By Emil Danielyan and Armen Zakarian
The Council of Europe on Monday renewed its calls for Armenia to honor all of its membership commitments and remove the death penalty from its criminal code even if that would mean going against the dominant public mood. Lord Russell-Johnston, president of the Council’s Parliamentay Assembly (PACE), told deputies of the Armenian parliament that they should make sure that nobody, including the jailed gunmen who held them hostage after killing their speaker and seven other officials in October 1999, is ever executed in Armenia.
“I know that this is not a popular measure, particularly in the aftermath of the horrific crime which took the lives of your speaker, your prime minister and other colleagues,” Lord Russell-Johnston said, speaking in the parliament hall that was scene of the bloody attack. “I believe that it is a measure that needs to be taken for the benefit of the society as a whole.”
Most parliamentarians Russell-Johnston was addressed during the first day of his official visit to Armenia support the de-jure abolition of capital punishment but insist that it must not be applicable to the five perpetrators of the bloodbath currently standing trial. They demand that the gunmen led by former journalist Nairi Hunanian be put to death in any case.
The dominant mood of the Armenian lawmakers led the Council of Europe to warn in July that Yerevan will face suspension from the respected Strasbourg-based organization if any of them is eventually executed.
The Armenian government signed the 1953 European Convention on Human Rights, including the Protocol No. 6 prohibiting capital punishment, as it joined the prestigious club of European democracies in January. It undertook to make corresponding changes in the Armenian criminal code within a year. But most of the country’s main parties now say that the death penalty must be applied in the case of the parliament shootings as an “exception.” They claim that their position is backed by the majority of Armenians.
But the PACE president said the deputies must be ready to defy public opinion because the death penalty is “in principle wrong.” He said: “One of the responsibilities of members of parliament is not only to follow and reflect what their constituents think. It is also to give a lead in terms of principle and courage.”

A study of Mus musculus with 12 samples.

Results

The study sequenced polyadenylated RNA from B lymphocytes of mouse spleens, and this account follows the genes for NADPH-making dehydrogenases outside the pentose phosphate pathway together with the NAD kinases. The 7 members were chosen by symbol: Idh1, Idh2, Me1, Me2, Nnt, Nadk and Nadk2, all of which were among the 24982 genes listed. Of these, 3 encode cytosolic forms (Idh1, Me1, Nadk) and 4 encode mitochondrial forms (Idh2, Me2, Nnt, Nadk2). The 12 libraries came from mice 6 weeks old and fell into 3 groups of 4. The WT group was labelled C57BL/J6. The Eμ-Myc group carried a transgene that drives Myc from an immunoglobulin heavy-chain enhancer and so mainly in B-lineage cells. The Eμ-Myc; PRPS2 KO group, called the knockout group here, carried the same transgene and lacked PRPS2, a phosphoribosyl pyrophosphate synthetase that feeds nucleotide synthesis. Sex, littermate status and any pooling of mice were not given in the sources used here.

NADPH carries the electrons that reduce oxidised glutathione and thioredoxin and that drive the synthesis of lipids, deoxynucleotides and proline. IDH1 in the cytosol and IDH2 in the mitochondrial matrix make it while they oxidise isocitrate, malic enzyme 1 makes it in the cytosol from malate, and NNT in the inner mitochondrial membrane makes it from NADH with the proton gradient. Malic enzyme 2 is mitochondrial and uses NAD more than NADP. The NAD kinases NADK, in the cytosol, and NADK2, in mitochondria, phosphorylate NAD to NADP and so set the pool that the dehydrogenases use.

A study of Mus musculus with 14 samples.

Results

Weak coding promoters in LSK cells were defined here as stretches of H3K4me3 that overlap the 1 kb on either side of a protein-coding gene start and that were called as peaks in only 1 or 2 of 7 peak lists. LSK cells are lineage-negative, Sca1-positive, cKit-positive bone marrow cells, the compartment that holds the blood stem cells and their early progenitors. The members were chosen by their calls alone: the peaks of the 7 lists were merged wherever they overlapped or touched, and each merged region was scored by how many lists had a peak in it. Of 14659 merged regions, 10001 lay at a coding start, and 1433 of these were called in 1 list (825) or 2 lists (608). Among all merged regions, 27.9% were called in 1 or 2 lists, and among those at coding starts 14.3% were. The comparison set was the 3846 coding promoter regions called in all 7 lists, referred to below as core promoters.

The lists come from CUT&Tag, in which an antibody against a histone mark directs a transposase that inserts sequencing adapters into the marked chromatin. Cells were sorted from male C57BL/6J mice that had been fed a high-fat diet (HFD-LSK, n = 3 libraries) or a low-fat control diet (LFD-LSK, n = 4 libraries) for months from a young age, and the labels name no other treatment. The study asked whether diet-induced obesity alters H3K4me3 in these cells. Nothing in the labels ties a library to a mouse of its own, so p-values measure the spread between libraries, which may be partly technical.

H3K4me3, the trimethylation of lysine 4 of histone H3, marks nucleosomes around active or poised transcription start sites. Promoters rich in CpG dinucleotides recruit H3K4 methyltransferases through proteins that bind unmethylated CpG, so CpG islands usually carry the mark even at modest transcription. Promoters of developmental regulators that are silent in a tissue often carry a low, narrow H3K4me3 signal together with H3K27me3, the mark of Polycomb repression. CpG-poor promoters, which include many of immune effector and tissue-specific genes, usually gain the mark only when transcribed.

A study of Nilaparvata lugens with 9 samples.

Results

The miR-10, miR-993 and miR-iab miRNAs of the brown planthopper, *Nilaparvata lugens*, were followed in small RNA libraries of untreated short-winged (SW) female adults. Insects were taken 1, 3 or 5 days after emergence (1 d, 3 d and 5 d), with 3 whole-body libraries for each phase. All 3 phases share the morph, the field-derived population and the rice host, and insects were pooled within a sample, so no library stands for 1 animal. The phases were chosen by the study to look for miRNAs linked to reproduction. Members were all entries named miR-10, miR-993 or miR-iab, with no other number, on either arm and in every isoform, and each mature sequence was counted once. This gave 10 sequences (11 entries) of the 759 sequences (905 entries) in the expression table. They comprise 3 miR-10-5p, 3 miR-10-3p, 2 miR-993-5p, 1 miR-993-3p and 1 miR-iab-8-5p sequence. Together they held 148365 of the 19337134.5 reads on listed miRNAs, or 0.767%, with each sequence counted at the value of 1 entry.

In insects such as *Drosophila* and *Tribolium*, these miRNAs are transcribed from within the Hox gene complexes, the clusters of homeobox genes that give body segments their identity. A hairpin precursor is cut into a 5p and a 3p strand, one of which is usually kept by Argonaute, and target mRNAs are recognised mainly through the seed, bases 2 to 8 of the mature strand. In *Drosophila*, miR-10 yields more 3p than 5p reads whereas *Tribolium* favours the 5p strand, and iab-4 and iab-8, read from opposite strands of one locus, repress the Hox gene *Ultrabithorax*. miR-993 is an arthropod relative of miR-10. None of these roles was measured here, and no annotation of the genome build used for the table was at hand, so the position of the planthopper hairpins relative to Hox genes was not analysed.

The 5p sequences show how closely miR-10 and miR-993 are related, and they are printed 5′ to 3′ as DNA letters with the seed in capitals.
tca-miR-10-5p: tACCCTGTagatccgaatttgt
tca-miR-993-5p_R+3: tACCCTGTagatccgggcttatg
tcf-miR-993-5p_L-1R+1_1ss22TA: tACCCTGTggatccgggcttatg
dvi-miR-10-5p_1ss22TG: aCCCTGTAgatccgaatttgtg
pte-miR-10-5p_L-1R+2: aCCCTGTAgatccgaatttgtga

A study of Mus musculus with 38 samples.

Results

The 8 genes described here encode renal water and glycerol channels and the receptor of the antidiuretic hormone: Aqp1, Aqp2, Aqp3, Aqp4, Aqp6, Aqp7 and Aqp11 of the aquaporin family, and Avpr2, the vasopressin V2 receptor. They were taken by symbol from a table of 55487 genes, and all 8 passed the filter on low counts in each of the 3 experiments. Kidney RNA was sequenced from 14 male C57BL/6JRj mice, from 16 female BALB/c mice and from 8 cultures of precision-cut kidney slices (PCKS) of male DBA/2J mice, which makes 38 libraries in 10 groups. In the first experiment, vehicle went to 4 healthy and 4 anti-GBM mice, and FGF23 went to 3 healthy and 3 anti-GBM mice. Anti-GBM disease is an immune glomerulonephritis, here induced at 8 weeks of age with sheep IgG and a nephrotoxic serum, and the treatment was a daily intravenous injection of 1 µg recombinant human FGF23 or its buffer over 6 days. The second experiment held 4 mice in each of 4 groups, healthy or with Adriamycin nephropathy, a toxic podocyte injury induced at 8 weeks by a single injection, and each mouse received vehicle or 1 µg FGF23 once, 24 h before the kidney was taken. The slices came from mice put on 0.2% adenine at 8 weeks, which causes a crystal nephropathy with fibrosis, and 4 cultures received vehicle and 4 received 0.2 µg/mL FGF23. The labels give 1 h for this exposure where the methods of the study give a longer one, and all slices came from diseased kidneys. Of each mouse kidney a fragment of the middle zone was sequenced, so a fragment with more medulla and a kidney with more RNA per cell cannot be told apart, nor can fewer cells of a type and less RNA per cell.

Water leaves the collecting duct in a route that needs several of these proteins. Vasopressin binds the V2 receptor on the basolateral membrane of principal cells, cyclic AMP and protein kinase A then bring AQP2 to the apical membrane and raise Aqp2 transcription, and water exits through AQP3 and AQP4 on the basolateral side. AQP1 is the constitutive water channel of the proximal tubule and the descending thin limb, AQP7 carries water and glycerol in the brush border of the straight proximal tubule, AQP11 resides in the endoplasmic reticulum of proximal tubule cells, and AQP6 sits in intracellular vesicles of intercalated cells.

President Robert Kocharian has so far avoided public comments on the politically sensitive matter. His proposed draft amendments in the constitution envisage an unconditional abolition of what almost all European nations regard as a brutal and inhumane practice.
Armenia has carried out no executions since 1990, in an unofficial moratorium on the death penalty. Together with Russia and Turkey, it makes up the short list of those Council of Europe member states where capital punishment is still legal.
Russell-Johnston arrived in Yerevan late on Sunday to kick off a week-long tour of the three south Caucasian states aimed at monitoring their compliance with the Council’s requirements. He said Armenia is making “steady progress” towards meeting its membership commitments which include legislative reforms such as changes in the constitution and the laws on elections, civil service, political parties and non-governmental organizations.
He said: “There may be some disagreement about its extent, its sufficiency, its irreversibility. But everybody agrees that important have been achieved, and that is good. Everybody also seems to agree that further progress is needed, and it is normal.”
Russell-Johnston went on to criticize the authorities for what he said was a slow reform of the country’s prison system. “Armenia is a country of an ancient and formidably rich civilization,” he said. “It deserves a prison system to match it. But from what I understand this is not yet the case and the continued control by the ministry of interior…does not assist a change taking place.”
The transfer of prisons from the jurisdiction of the interior ministry to that of the justice ministry is also among the conditions for Armenia’s accession to the Council of Europe. The justice ministry will start next month taking over all of the country’s jails except the pre-trial detention sites of police and the ministry of national security. The process is due to be completed in two months.